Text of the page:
Google Colab will soon introduce AI coding features using Google’s most advanced family of code models, Codey.
Shrestha Basu Mallick
Senior Product Manager, Google Labs
Since 2017, Google Colab has been the easiest way to start programming in Python. Over 7 million people, including students, already use Colab to access these powerful computing resources, free of charge, without having to install or manage any software. It’s a great tool for machine learning, data analysis, and education — and now it’s getting even better with advances in AI.
Today, we’re announcing that Colab will soon add AI coding features like code completions, natural language to code generation and even a code-assisting chatbot. Colab will use Codey, a family of code models built on PaLM 2, which was just announced at I/O last week. Codey was fine-tuned on a large dataset of high quality, permissively licensed code from external sources to improve performance on coding tasks. Plus, the versions of Codey being used to power Colab have been customized especially for Python and for Colab-specific uses.
Access to powerful coding features
Colab users in the United States will get first access to our Codey models inside Colab, which dramatically increase programming speed, quality, and comprehension. Our first features will focus on code generation.
Natural language to code generation helps you generate larger blocks of code, writing whole functions from comments or prompts. The goal here is to reduce the need for writing repetitive code, so you can focus on the more interesting parts of programming and data science. Eligible users in Colab will see a new "Generate" button in their notebooks, allowing them to enter any text prompt to generate code.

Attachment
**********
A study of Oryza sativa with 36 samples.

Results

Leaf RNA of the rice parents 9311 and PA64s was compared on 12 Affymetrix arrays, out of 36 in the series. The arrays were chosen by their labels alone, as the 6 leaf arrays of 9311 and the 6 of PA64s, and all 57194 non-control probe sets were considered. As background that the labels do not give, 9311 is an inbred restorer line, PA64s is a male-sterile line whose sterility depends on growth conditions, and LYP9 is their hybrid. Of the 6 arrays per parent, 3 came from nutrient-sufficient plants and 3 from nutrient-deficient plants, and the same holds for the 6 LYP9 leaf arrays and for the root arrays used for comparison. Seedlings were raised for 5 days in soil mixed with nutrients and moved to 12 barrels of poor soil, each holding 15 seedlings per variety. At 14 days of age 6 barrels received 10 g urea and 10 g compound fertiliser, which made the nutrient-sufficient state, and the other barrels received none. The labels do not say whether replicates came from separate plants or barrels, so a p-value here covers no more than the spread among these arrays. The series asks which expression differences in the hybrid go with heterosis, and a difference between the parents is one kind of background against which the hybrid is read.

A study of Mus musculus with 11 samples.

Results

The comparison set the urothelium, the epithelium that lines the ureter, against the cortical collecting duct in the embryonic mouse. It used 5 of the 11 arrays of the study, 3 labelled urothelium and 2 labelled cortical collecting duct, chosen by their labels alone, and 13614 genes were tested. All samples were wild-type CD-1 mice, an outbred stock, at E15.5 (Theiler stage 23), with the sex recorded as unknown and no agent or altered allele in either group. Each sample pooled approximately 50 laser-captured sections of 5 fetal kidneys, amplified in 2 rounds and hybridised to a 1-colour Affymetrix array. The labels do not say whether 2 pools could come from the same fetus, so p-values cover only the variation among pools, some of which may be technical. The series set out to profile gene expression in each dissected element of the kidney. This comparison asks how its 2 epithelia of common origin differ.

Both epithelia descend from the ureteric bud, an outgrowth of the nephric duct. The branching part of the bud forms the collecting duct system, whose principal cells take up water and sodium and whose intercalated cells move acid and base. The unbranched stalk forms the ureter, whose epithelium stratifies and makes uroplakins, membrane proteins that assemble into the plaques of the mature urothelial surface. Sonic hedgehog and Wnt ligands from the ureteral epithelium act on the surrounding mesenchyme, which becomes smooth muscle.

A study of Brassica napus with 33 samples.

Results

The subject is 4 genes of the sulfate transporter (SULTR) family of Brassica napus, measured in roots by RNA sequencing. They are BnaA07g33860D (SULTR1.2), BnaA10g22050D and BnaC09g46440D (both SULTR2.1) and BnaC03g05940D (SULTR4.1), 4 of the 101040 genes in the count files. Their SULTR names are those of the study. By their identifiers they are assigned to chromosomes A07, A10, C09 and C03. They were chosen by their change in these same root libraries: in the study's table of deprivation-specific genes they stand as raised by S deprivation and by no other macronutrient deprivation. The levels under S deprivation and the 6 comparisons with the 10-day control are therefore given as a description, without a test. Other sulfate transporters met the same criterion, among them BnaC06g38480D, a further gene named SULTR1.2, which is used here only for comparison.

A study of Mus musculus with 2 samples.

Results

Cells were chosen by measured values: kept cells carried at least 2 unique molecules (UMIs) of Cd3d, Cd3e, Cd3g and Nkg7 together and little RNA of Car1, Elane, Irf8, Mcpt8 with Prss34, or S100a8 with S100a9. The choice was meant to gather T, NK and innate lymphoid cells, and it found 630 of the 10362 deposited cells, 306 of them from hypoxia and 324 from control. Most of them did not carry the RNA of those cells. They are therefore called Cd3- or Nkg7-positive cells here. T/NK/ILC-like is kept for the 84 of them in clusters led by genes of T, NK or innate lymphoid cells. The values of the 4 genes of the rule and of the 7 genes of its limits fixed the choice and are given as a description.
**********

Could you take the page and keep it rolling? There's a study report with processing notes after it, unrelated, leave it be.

For eligible paid users, as you type, you'll see autocomplete suggestions.
An integrated chatbot makes getting help easier than ever
We’re also bringing the helpfulness of a chatbot directly into Colab. Soon, you'll be able to ask questions directly in Colab like, "How do I import data from Google Sheets?" or "How do I filter a Pandas DataFrame?"
Democratizing machine learning for everyone
Anyone with an internet connection can access Colab, and use it free of charge. Millions of students use Colab every month to learn Python programming and machine learning. Under-resourced groups everywhere access Colab free of charge, accessing high-powered GPUs for machine learning applications.
We have lots more features and improvements coming soon that will make Colab an even more helpful, integrated experience in your data and ML workflows.
Access to these features will roll out gradually in the coming months, starting with our paid subscribers in the U.S. and then expanding into the free-of-charge tier. We'll also expand into other geographies over time. Please follow @googlecolab on Twitter for announcements about new releases and launches.